We have lived and experienced weather in numerous areas in Canada. The prairies with their towering summer thunder storms and sunny cold winter days, the northern mountains where summer squalls would move up and down the valley and the west coast where we went through a winter with only one snowfall. The east coast is completely different, it is dominated by the Gulf Stream which brings weather up the east coast of the U.S. from Caribbean basin. The temperature fluctuates from -10 to + 10 depending on what the Gulf Stream is serving up that day. The other day it was - 5 and it snowed about 5 cm. The plows were out cleaning the roads and the salt trucks were tossing slat to and fro. Then the wind came up and the temperature rose 10 degrees and it started raining. All the snow on the streets melted and as evening fell and the temp. dropped the rain actually turned to slush, it wasn't freezing rain it was big wet flakes of snow that melted on impact. I went out to curl and was scared that when I came out it would be a skating rink. Somehow it wasn't, the temp. may not have been quite low enough to freeze hard, it was just more snow, which was still slushy. Now it is sunny and cold with a new dusting of snow, the footing is tricky with the snow covering ice, although the road maintenance workers seem to have a good handle on how to keep the roads clear of ice. The massive swing in temperatures which are often accompanied by big winds makes this an area that is affected by unique weather systems.
We have been enjoying the snow, the first day it snowed we had a big snowball fight with our grandchildren and I made a very small snowman with what little snow was available.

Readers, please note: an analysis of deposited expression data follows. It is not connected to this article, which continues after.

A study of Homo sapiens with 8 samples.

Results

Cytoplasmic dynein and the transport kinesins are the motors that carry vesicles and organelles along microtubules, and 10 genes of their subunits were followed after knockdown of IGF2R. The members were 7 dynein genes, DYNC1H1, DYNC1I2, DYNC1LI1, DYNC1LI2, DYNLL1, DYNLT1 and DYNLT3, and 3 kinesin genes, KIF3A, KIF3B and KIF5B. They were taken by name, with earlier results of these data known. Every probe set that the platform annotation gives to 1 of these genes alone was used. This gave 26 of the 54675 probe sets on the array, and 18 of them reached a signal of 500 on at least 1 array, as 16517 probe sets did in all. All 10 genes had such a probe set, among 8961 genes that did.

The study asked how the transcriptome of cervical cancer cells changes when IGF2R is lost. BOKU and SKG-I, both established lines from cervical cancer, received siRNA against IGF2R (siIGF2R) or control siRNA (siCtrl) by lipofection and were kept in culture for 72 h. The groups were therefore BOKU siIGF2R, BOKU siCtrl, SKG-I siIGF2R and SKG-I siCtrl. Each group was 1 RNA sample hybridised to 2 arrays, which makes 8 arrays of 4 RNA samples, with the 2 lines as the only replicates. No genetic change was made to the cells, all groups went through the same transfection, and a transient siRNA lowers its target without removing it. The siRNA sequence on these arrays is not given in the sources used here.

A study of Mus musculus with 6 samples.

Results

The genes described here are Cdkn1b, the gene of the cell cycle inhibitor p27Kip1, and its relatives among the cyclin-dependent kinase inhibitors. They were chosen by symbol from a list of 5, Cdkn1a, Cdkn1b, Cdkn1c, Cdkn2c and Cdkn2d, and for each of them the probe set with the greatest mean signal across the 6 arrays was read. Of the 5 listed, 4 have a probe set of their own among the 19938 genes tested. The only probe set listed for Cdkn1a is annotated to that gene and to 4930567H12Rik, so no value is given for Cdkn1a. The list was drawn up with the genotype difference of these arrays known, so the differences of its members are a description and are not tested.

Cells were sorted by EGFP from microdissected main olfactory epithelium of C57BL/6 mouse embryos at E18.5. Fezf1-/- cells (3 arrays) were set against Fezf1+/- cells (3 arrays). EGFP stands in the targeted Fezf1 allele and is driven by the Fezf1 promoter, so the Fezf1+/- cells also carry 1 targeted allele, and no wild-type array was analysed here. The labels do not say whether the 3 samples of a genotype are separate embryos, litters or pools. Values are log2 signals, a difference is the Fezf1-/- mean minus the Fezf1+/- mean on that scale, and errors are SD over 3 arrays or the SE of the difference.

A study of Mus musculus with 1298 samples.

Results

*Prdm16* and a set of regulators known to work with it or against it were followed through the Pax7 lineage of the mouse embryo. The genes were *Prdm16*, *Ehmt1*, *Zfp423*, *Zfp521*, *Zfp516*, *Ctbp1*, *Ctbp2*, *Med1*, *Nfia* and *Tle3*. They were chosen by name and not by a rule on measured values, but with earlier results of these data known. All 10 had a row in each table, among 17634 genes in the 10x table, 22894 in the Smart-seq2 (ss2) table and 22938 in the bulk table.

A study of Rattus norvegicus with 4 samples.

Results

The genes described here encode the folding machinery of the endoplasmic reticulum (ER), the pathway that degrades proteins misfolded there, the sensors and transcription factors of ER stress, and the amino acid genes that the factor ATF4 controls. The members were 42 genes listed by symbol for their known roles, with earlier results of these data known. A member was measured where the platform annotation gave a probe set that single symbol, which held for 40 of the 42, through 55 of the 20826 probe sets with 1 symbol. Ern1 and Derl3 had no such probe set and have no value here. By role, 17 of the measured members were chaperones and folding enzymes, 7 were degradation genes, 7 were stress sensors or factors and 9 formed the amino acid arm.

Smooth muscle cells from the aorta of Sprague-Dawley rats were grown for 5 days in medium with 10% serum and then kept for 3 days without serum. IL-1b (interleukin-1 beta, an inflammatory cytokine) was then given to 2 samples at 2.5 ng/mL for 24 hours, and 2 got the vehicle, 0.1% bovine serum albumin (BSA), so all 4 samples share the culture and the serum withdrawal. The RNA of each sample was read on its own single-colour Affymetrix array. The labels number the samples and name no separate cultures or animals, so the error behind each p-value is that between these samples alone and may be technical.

We enjoyed a hot tub and the kids proved their mettle by rolling in the snow. Grannie was not to be outdone and went and made a snow angel. It was excruciating putting my wet body in the snow but once back in the hot tub my skin was alive and tingled for about 10 minutes. The kids did it more than once, but I figured I had experienced it and that was good enough!
It was sunny and cold today, a light wind blowing and we walked about 2 kilometres to the store. I commented to Barry that the sunlight was very similar to a late February sun in Yellowknife, it is amazing what difference almost 15 degrees in latitude makes in the quality of the winter sun. Rather than walk down the road we went and strolled along the railway line that runs along the bay.
There is scrub on both sides of the railway and it feels like you are in a rural area. The bay is in the process of freezing over and Barry and I are keeping a close eye on the progress of the ice ( check out the top picture). At one point it was calm and cold for two days straight and the whole bay had a skiff of ice on it. The next day the wind came up and the middle of the bay was open once again.
We hear the local ski hill is open and once Barry's knees are not so sore we are planning on heading out there. Wherever our Canadian friends are I hope you are enjoying our winter wonderland.